Lawsuit Claims Retaliation Against Whistleblower
Check out links to Theresa Hill's lawsuit, and extended interviews at Dave Glowacz's Website.
The running joke in the 1999 movie Office Space is the “relocation” of an employee by the name of Milton.
Office Space: Umm, I'm going to need you to go ahead and move to the downstairs storage space to make room for some boxes and stuff…
That's what Theresa Hill says happened to her while working as an assistant commissioner at the City of Chicago Human Resources Department.
HILL: I've been keeping count; so I've been moved 16 times. I was told that I was relocated in an effort to silence me and to intimidate me all of my job duties were taken away from me.
Hill says that after she revealed in October of 2006 that the city wasn't complying with federal law, her bosses retaliated.
HILL: I began to do research and it took me to a window that was 15 to 20 years. It seemed that there was a period of non-compliance since the Harold Washington administration.
Hill claims that while the city of Chicago has, for many years, received federal funds for everything from Head Start to homeless shelters, it's failed to take the most basic steps of affirmative action and diversity.
The city department responsible for affirmative action and equal opportunity policy is the two-year-old office of compliance. Deputy Director Torrick Ward says that with the exception of large departments like police and fire, the city hasn't had a comprehensive diversity program in place.
WARD: We're trying the best we can to get this...ya know, to build up what we believe will be a very good, strong diversity program for the city.
Meanwhile, a half dozen security officers who work in the Department of Aviation have filed a discrimination suit. This is their attorney, Bryan Wood.
BRYAN WOOD: African-American aviation security officers are denied equal employment opportunities with respect to hiring, promotion, terms and conditions of employment...as well as retaliation against those who come forward with claims of, or complaints of, discrimination...compared to both Hispanic and Caucasion security officers, they are denied those opportunities.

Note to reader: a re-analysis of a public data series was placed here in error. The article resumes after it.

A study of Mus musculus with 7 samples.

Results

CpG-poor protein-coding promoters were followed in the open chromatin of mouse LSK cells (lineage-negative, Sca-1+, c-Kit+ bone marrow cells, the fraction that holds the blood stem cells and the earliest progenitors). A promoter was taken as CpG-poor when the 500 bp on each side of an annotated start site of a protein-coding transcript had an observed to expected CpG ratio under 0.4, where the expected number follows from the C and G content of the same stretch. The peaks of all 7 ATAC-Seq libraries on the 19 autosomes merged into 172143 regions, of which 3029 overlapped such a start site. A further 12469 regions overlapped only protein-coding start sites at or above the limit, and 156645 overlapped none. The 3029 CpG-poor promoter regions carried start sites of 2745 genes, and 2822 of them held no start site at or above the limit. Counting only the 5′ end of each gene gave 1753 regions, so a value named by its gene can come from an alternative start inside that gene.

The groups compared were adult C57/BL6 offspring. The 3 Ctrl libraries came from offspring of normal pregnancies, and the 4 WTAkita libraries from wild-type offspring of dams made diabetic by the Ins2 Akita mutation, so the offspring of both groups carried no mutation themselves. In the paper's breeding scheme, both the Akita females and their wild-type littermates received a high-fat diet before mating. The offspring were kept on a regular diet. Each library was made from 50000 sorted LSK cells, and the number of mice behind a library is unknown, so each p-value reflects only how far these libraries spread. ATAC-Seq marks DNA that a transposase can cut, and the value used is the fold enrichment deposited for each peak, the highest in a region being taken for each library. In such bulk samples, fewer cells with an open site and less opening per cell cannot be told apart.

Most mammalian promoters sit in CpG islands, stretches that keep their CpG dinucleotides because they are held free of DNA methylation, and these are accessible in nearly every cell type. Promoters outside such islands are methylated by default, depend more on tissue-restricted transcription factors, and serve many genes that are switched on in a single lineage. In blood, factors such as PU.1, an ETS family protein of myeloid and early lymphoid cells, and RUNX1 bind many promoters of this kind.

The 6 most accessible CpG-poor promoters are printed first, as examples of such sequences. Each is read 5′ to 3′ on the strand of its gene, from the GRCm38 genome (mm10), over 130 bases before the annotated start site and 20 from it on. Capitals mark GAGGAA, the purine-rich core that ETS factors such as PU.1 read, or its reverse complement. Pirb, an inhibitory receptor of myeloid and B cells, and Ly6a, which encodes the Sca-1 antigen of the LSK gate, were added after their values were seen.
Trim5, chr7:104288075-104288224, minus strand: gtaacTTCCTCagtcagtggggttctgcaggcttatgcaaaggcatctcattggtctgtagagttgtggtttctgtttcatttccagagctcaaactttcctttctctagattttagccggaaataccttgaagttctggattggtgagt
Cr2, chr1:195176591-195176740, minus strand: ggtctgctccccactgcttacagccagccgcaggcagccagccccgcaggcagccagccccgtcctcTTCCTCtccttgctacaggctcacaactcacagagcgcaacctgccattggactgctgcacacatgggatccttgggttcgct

Wood says that while a working affirmative action program wouldn't necessarily wipe out discrimination in city employment, it might have created enough awareness among managers to keep workers from having to file discrimination suits.
Theresa Hill alleges that city managers harassed her by barring her from weekly staff meetings. She says that they also tried to delete her e-mail account and openly criticized her in front of co-workers She says she reported these forms of retaliation to the office of the Inspector General--which she says has not, to this day, validated her complaints. A spokesman for the Inspector General would not comment.
Hill also made reports to the federally-appointed monitor who's charged with making sure the city eliminates favoritism and harassment in city employment. The monitor, Noelle Brennan, got Hill moved, temporarily, to a different department to protect her from retaliation. But, says Brennan, providiing such protection is hard
BRENNAN: Obviously, have a no-retaliation policy is a first step; and then enforce the policy. The problem with retaliation is that I think it can come in so many different forms that it's difficult to prove, in many instances.
An attorney for Theresa Hill says that the city will received formal notification of Hill's lawsuit this week.
The text has been updated to correct Theresa Hill's employment status with the City of Chicago. She is not a former employee.